Disney+ to launch its first original French TV shows
Among them, Parallels, a supernatural six-part series by the creator of Netflix’s horror show Marianne, a documentary on rapper Soprano, and a mini-series on the tragic events that inspired classic French film La Haine.
Deadline unveiled earlier this week the debut slate of a few European originals on Disney+. Four of them will be made in French, the most ambitious project being Parallels, Disney+’s first original French-language drama. Deadline stated that the show will follow four teenage friends whose lives are turned upside down by an experiment of the LHC – the world’s biggest particle collider: "During a split second, the Universe abolishes its rules: time, space and multiverses all get jumbled together. The teenagers will do everything in their power to try to fathom out what happened and turn the clocks back. The mysterious event propels the group of 14-year olds into parallel dimensions, leaving them racing to return home before their futures are altered forever ".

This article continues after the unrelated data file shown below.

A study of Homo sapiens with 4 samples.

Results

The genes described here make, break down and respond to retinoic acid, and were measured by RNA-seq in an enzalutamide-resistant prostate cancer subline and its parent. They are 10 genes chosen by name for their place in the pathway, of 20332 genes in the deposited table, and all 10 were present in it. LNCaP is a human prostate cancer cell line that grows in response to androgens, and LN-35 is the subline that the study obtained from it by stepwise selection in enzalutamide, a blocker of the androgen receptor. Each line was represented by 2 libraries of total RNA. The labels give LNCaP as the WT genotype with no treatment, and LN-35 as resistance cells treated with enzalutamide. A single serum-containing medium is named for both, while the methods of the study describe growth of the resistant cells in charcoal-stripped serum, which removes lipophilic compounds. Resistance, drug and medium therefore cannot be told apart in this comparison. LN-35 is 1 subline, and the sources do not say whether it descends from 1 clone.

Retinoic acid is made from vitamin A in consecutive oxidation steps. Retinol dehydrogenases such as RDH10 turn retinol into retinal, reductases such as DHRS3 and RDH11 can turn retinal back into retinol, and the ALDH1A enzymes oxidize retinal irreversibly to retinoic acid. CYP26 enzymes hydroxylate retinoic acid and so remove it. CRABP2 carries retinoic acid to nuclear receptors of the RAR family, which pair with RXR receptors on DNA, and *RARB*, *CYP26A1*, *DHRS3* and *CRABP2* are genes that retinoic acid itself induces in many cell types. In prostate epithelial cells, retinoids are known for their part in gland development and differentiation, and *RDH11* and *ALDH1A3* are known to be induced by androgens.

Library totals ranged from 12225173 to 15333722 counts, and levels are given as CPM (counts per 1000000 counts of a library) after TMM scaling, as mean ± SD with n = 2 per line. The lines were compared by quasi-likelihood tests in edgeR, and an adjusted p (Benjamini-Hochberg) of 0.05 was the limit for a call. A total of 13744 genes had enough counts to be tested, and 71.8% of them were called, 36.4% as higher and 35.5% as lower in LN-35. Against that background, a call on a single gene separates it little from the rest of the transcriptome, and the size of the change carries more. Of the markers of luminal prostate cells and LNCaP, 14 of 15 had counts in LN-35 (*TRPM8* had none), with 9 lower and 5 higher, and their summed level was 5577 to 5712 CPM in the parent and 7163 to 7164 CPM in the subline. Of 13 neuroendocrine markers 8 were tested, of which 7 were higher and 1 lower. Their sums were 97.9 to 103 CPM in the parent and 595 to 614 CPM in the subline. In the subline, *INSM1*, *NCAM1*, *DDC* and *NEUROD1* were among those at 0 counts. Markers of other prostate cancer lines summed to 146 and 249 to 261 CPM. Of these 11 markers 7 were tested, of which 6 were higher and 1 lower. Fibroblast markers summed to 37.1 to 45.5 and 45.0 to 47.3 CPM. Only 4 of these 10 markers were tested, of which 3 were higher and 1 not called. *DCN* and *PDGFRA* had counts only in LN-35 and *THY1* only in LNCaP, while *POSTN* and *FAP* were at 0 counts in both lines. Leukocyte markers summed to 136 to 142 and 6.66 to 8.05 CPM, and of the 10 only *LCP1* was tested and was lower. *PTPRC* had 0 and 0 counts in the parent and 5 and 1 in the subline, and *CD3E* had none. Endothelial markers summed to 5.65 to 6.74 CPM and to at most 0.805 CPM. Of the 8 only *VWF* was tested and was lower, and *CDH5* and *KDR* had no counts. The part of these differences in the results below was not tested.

The show will be helmed by Quoc Dang Tran, who already created the horror series Marianne for Netflix and who has previously worked on The Bureau (Le bureau des légendes), Call My agent! (10 pour cent) and Kabul Kitchen.
A mini-series on the tragic event that inspired la Haine
Deadline revealed that Disney was also working on three other projects in French. The first one, titled Weekend Family, will be available on Disney+. This eight-part comedy will chronicle the life of a new stepfamily that meets up every weekend. But when the father gets into a relationship with a new partner, the weekends take on a whole different turn.
Two very different projects will also make their way to Disney Star. Soprano: Sing or Die, is a documentary which will tell the story of the French rapper Soprano from his humble beginnings in Marseille to his preparation for his 2022 tour. Disney Star is developing Oussekine, a mini-series on the tragic and much publicized death in 1986 of the student Malik Oussekine during the mass student protests in Paris against university reforms and proposed immigration restrictions. The terrible event was the inspiration for the 1995 French classic La Haine by Mathieu Kassovitz with Vincent Cassel.